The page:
Systemic inflammatory response syndrome in patients hospitalized for gastrointestinal bleeding

B Afessa
Critical Care Medicine 1999, 27 (3): 554-7

OBJECTIVE: To describe the incidence and causes of systemic inflammatory response syndrome (SIRS), to determine the risk factors for its development, and to assess its impact on the outcome of patients hospitalized for gastrointestinal bleeding.

DESIGN: Prospective, observational study.

SETTING: A 528-bed, university-affiliated, teaching hospital.

PATIENTS: The study included 411 adults hospitalized for gastrointestinal bleeding from January 1, 1995, through June 30, 1996.

MEASUREMENTS: We obtained the demographic data, selected clinical findings, laboratory values, length of hospital stay, presence and cause of SIRS, presence of organ failure, and in-hospital mortality for each patient. The Acute Physiology and Chronic Health Evaluation II (APACHE II) score was calculated. Univariate and multivariate logistic regression analyses were used to determine differences between groups.

RESULTS: Patients' ages (mean +/- SD) were 55.9 +/- 17.3 yr; 227 (55%) were male; 247 (60%) were African-American. SIRS developed in 112 patients (27%). Sepsis was the cause of SIRS in 63% of patients (70/112). Severe sepsis developed in 20 patients and septic shock in 5 patients. The most common cause of sepsis was pneumonia (19). There were no significant differences in age, gender, race, and the presence of liver disease between patients with and without SIRS. Upper gastrointestinal bleeding (76/211 vs. 36/ 200; p = .0196), intensive care unit admission (73/152 vs. 391259; p < .0001), and higher APACHE II scores (median, 17 vs. 11; p< .0001) were associated with the development of SIRS. The length of hospital stay was longer (median, 9.5 vs. 3 days; p < .0001), and the number of organ failures (median, 1 vs. 0; p < .0001) and in-hospital mortality rates (23 vs. 4%; p < .0001) were higher in patients with SIRS than in those without SIRS.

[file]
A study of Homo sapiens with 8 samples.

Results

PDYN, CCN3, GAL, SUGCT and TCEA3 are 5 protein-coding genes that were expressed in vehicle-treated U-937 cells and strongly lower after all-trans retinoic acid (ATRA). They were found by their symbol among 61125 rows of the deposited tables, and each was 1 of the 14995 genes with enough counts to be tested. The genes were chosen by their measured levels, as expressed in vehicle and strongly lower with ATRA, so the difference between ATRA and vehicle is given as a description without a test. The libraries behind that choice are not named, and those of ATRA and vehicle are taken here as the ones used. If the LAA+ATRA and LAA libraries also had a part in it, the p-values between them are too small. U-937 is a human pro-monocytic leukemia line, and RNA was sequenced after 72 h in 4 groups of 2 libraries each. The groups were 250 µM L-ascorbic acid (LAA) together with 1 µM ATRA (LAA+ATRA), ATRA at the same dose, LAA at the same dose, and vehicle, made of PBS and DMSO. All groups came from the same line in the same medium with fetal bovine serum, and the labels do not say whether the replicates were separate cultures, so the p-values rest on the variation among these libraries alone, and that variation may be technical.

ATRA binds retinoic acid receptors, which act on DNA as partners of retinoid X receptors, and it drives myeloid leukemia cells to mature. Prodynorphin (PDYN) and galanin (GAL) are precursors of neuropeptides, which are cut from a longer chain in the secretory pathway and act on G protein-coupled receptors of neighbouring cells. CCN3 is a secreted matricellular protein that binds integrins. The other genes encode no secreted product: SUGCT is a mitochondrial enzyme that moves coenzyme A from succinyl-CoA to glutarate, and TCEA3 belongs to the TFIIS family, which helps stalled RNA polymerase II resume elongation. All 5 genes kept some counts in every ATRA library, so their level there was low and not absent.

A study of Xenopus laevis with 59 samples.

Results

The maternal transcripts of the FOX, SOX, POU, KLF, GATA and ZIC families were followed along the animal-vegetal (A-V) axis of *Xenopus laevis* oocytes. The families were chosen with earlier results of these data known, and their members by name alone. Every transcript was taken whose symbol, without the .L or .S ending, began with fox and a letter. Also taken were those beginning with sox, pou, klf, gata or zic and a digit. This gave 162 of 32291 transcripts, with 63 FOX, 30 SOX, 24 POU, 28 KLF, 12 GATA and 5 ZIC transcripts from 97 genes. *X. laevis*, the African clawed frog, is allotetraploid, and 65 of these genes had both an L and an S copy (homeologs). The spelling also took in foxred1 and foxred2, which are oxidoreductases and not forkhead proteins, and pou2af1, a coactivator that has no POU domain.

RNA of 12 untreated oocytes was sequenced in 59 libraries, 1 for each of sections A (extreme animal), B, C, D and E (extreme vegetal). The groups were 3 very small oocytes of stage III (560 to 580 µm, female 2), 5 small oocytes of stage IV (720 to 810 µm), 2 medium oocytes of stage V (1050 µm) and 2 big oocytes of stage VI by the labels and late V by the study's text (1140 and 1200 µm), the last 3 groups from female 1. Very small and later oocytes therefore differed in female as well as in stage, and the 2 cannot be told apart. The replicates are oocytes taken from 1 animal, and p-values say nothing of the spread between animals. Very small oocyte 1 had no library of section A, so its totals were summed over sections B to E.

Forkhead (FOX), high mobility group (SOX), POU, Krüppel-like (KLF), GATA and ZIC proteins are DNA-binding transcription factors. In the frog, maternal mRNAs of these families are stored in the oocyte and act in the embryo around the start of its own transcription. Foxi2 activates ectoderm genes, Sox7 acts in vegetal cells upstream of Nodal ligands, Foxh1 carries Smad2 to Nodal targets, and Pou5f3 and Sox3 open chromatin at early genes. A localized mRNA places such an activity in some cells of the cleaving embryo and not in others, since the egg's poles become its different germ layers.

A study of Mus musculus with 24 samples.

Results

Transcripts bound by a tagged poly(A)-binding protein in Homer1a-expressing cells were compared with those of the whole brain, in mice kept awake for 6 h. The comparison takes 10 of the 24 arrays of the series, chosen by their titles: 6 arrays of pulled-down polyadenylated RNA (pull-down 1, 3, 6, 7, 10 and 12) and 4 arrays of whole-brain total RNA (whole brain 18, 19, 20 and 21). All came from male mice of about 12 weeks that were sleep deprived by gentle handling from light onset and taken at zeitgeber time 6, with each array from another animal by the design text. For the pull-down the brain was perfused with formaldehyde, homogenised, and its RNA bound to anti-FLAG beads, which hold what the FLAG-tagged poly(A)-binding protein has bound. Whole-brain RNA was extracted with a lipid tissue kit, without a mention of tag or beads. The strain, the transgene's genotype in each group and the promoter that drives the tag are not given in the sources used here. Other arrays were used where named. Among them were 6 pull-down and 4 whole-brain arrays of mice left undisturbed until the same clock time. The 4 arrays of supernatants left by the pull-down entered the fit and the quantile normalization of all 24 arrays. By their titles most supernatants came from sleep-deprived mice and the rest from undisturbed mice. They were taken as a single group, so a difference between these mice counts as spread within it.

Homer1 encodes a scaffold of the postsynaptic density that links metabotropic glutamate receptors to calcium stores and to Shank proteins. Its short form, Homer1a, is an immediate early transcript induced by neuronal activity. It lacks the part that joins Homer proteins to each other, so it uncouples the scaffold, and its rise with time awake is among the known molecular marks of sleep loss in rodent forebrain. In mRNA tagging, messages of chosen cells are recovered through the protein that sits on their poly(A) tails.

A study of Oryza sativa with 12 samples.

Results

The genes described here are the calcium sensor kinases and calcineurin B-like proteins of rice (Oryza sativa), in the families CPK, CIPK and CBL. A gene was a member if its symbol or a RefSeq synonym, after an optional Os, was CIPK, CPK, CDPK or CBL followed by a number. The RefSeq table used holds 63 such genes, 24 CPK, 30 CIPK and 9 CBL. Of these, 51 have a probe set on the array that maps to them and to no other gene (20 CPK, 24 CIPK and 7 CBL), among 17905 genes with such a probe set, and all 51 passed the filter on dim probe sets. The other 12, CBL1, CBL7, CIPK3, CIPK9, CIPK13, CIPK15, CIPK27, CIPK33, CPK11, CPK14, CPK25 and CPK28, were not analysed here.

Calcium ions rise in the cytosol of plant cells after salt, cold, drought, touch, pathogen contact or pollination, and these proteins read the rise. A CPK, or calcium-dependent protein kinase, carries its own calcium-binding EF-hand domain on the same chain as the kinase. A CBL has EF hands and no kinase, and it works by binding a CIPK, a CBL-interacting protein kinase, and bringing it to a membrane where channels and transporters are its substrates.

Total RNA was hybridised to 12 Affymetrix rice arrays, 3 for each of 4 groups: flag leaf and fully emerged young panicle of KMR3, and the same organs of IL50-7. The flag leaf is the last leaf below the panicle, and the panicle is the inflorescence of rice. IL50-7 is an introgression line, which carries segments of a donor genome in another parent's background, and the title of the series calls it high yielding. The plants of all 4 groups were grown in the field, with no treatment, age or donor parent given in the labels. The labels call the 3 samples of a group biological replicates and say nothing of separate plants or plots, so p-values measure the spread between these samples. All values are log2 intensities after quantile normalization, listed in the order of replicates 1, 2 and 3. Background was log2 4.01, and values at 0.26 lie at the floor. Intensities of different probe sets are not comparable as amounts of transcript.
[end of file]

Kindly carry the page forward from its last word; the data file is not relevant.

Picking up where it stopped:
CONCLUSIONS: SIRS occurs in 27% of patients admitted for gastrointestinal bleeding and is associated with a poor prognosis. Intensive care unit admission, upper gastrointestinal bleeding, and high APACHE II scores are risk factors for the development of SIRS in patients hospitalized for gastrointestinal bleeding.